India backs away from retail reform that would let Wal-Mart in



The turnaround is the latest sign of weak leadership and a lack of direction by India’s Congress Party-led government, which is beset by corruption scandals, an increasingly ineffective prime minister and rebellious allies. The long-awaited opening of the retail market was touted as the government’s biggest reform initiative since it was reelected in 2009.


After a meeting with government and opposition party officials, Finance Minister Pranab Mukherjee told Parliament on Wednesday that the proposal would be put on hold until a consensus emerged. The changes would have allowed single-brand foreign firms such as Nike or Adidas to assume a 100% ownership stake, and multi-brand retailers such as Wal-Mart a 51% stake.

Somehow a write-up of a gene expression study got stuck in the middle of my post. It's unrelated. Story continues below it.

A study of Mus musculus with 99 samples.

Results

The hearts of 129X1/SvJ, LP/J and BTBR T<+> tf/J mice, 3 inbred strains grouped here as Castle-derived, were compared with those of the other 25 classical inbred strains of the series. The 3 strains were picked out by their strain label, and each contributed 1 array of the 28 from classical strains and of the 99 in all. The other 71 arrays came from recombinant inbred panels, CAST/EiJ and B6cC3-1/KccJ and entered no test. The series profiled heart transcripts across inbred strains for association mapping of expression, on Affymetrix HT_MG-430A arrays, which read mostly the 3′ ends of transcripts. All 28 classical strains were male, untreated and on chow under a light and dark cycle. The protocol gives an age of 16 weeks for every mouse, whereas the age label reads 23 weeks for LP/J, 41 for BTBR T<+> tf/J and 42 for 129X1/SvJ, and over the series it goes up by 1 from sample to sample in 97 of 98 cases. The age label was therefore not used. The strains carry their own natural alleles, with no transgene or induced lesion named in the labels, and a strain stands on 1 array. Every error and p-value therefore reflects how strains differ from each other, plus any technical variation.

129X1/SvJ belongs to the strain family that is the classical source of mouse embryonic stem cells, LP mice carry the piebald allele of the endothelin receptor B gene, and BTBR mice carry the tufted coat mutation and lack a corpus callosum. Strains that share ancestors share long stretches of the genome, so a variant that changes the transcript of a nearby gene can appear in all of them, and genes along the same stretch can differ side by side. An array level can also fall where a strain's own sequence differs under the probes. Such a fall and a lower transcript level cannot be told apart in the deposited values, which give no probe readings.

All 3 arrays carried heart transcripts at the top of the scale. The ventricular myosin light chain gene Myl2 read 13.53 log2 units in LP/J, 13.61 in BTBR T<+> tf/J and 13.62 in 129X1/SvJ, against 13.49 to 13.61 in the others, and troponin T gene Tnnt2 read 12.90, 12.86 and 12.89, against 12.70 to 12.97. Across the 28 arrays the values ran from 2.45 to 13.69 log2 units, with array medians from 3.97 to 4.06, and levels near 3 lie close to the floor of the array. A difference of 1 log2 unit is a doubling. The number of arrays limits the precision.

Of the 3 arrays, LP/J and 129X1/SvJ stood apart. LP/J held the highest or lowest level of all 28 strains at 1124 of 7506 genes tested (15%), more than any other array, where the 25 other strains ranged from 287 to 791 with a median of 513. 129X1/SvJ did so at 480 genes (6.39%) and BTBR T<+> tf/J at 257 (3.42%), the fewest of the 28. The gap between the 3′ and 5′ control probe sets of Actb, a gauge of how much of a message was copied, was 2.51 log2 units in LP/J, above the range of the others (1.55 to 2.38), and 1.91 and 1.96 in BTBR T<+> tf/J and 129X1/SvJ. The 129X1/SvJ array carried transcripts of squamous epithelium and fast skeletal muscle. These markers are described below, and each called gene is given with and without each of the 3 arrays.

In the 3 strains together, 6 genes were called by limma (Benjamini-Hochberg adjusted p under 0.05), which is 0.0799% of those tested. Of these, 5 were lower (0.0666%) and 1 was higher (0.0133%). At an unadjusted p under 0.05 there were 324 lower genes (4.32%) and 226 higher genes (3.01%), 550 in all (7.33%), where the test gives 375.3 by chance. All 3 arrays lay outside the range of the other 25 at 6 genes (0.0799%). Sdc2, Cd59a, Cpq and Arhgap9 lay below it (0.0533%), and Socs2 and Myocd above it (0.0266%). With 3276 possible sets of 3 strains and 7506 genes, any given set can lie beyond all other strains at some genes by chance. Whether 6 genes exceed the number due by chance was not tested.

Even though experts said the move would boost incomes for India’s 225 million farmers, reduce waste and improve distribution, it faces strong opposition from the 35 million people employed in Indian mom-and-pop stores.

The government’s reversal after days of opposition sends a bad signal to foreign investors at a time when India needs capital to build roads and infrastructure, some analysts say. It comes as Indian media report that the government is also considering a suspension in proposed rules allowing foreign investors to take a 26% stake in the nation’s battered aviation sector.

Bickering over the retail issue has contributed to a massive logjam in Parliament over the last two weeks, so the suspension of the proposal should allow lawmakers to get back to work. The Communist Party of India termed the turnaround a ‘people’s victory’ and said it would effectively kill the initiative.